Jesus said, “I stand at the door and knock” (Revelation 3:20, NKJV). Now—in the midst of Afghanistan’s theater of fear—it’s the brutally abused, tortured, hungry, broken and bleeding who are literally standing at the door of our hearts and knocking. They are Jesus, asking for us to open our hearts to feel their pain and become the answer to their chaos, grief and pain (St. Matthew 25:35-40).
Today in Afghanistan, males will be executed on the spot, women will be raped, and adolescent girls will be taken as sex slaves for Taliban fighters.
What’s happening right now in Afghanistan sends shivers down my spine and—I’m sure—yours, too. This could be my family, or yours.
But I want to ask you: is the horrific suffering in Afghanistan affecting the way you live your life? Or is your life just carrying on as normal? Because none of us should be acting “normal” while our brothers and sisters in Afghanistan wait in dread for the Taliban to appear at our doorstep.
You and I have a crucial role, one that should disrupt our “normal” lives: we need to be on our knees in prayer.
Nowhere to Hide
We’ve all seen the shocking images of people clinging to an airplane as it took off from Kabul airport. There’s no flight to freedom for the suffering multitudes in Afghanistan, no place to hide. Innocents will soon be hunted like animals. I just heard from a contact there that many people—and entire families—have been wandering in the wilderness for over a week, desperate to escape the country. Everywhere, the Taliban lie in wait, preying. If the Taliban find any evidence on people’s phones that they’re a Christian, they’re killed instantly.
Are we sympathetic? Of course! But does our sympathy actually drive us to our knees in prayer? Have we shed tears of real anguish for the people of Afghanistan? Have we fasted for a single day for the Christians of Afghanistan?
This is a spiritual battle that can be won only in prayer and fasting. The question is: do you and I have the fire in our bones? Do we grasp our vital intercessory role in this theater of terror? Or is Afghanistan just another crisis in the news that we can skip over on our way to Starbucks?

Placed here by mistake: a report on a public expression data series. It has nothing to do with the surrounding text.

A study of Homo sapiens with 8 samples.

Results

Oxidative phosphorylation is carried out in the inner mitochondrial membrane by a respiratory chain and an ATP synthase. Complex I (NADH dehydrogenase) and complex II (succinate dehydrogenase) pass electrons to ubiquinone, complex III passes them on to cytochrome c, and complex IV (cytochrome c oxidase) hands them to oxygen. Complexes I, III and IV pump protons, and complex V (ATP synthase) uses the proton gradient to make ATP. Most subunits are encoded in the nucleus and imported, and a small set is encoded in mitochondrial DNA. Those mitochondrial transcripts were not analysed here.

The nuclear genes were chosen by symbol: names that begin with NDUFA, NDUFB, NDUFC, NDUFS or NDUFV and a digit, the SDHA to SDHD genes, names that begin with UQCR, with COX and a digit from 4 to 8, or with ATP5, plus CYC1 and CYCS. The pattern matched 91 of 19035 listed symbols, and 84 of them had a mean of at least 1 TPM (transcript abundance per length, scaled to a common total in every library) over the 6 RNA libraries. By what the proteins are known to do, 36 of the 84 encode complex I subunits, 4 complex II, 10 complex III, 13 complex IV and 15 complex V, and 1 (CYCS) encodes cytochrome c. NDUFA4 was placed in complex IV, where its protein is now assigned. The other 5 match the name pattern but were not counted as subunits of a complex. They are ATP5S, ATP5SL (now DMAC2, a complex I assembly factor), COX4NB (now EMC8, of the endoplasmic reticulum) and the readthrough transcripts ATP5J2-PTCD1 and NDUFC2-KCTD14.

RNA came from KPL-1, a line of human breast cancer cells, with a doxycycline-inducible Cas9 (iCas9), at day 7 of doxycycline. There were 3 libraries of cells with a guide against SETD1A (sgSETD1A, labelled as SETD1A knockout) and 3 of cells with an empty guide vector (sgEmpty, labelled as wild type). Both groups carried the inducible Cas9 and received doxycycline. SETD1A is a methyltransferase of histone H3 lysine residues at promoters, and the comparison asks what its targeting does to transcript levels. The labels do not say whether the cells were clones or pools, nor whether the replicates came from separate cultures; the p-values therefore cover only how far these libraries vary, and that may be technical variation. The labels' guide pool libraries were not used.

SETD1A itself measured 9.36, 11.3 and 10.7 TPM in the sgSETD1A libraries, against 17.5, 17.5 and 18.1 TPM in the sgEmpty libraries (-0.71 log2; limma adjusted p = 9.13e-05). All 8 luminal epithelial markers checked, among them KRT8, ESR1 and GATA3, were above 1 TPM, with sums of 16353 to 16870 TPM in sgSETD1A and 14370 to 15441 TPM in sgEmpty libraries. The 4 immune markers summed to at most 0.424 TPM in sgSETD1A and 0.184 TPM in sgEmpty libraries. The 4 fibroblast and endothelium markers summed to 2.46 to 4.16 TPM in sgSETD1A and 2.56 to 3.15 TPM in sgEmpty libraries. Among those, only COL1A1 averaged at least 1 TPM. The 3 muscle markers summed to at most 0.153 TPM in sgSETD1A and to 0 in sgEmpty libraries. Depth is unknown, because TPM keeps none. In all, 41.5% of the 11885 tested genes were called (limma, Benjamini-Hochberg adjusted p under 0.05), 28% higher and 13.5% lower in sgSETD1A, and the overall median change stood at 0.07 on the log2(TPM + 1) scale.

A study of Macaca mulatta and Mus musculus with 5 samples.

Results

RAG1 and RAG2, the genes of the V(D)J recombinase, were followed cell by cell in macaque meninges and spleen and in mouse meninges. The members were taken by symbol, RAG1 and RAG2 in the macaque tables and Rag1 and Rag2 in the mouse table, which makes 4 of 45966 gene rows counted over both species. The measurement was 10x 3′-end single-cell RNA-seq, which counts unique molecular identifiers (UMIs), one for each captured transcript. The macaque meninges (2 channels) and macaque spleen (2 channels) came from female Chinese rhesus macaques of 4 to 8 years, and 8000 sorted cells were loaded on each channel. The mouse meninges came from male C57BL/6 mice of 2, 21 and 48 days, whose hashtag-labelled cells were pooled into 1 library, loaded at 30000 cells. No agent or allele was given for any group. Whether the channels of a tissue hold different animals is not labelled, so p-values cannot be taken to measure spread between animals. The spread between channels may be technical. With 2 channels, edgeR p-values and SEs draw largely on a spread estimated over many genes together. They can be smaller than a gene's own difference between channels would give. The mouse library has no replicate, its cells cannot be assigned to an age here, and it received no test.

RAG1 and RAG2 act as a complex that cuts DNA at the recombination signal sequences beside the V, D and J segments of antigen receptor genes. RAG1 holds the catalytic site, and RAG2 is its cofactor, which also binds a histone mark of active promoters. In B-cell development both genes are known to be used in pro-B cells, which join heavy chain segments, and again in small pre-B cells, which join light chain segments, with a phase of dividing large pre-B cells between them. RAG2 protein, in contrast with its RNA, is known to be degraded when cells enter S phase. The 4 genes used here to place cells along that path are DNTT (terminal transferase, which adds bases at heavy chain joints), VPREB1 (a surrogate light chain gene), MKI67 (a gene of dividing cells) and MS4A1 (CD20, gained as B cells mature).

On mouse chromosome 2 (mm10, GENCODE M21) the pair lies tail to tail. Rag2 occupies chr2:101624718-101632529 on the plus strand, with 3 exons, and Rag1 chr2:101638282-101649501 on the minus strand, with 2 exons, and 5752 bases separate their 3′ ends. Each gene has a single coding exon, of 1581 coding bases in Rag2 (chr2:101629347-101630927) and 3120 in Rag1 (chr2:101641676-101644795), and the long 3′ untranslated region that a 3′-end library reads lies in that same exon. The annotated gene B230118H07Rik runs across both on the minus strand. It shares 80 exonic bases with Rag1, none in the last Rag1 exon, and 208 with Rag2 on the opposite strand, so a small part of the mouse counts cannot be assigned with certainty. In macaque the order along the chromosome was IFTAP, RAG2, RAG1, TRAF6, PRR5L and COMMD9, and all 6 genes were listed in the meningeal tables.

The other day, I was on a two-hour phone call listening to first hand reports of the utter devastation and suffering taking place in Afghanistan. After I got off the phone, I was sort of in shock. But not for the reason you think. I was realizing how little my emotions had been engaged as I listened to the reports. Was the report I heard horrible? It was! In all honesty, the picture in my mind was like something after a nuclear explosion wipes out an entire city. But where were the tears for my brothers and sisters?
In the book of Lamentations, Jeremiah describes the distress of captive Jerusalem like this: “When her people fell into the hand of the enemy, with no one to help her, the adversaries saw her and mocked at her downfall… I called for my lovers, but they deceived me. My priests and my elders breathed their last in the city, while they sought food to restore their life” (Lamentations 1:7, 19, NKJV).
Dismayed by the lack of concern for others’ suffering, Jeremiah—the “weeping prophet”—cried out: “Is it nothing to you, all you who pass by?” (Lamentations 1:12, NKJV).
Brothers and sisters, let’s not be among those who “pass by” while captive Afghanistan is destroyed, women and children are massacred, and the innocent are raped and slaughtered.
Prayer: What Matters Most
Having traveled around the globe for decades, my experience has been that Americans are the most caring, generous people in the world. But so often our wallets are our substitute for what matters most—devoted time on our knees before God, the One who can move mountains.
We read in our Bibles about the powerful prayers of Elijah, Abraham and others, yet we often don’t seem to have the expectation that God will answer when we knock on His door.
One preacher put it this way: “On a scale of 1 to 10, too often our expectation of God doing something miraculous when we pray is about minus 5.”
Do you believe God is willing and able to work a miracle—even now—in Afghanistan? Even the Taliban are not beyond his reach. Acts 8 records that a man named Saul went door-to-door, terrorizing Christians, but God transformed him into the greatest missionary ever, the Apostle Paul!
What about if you were to ask your pastor to take 15 minutes during the worship service this Sunday and set it aside to pray and intercede as a congregation for the suffering millions in Afghanistan?
God moves when we choose to enter into the suffering of others. If we think for one moment that similar suffering is not coming to our doorstep, leaving us at the place of brokenness and needing intercession, we’re mistaken.
Today is anything but “normal.” It’s a day when many in Afghanistan genuinely fear they will not see tomorrow. A day when a simple knock on the door could be the last they hear.
At this very moment, Jesus, bleeding and broken, is knocking at my door, and yours.
Will you answer it?
Will you choose to sacrifice through prayer, fasting and doing all you can for the innocent suffering in Afghanistan?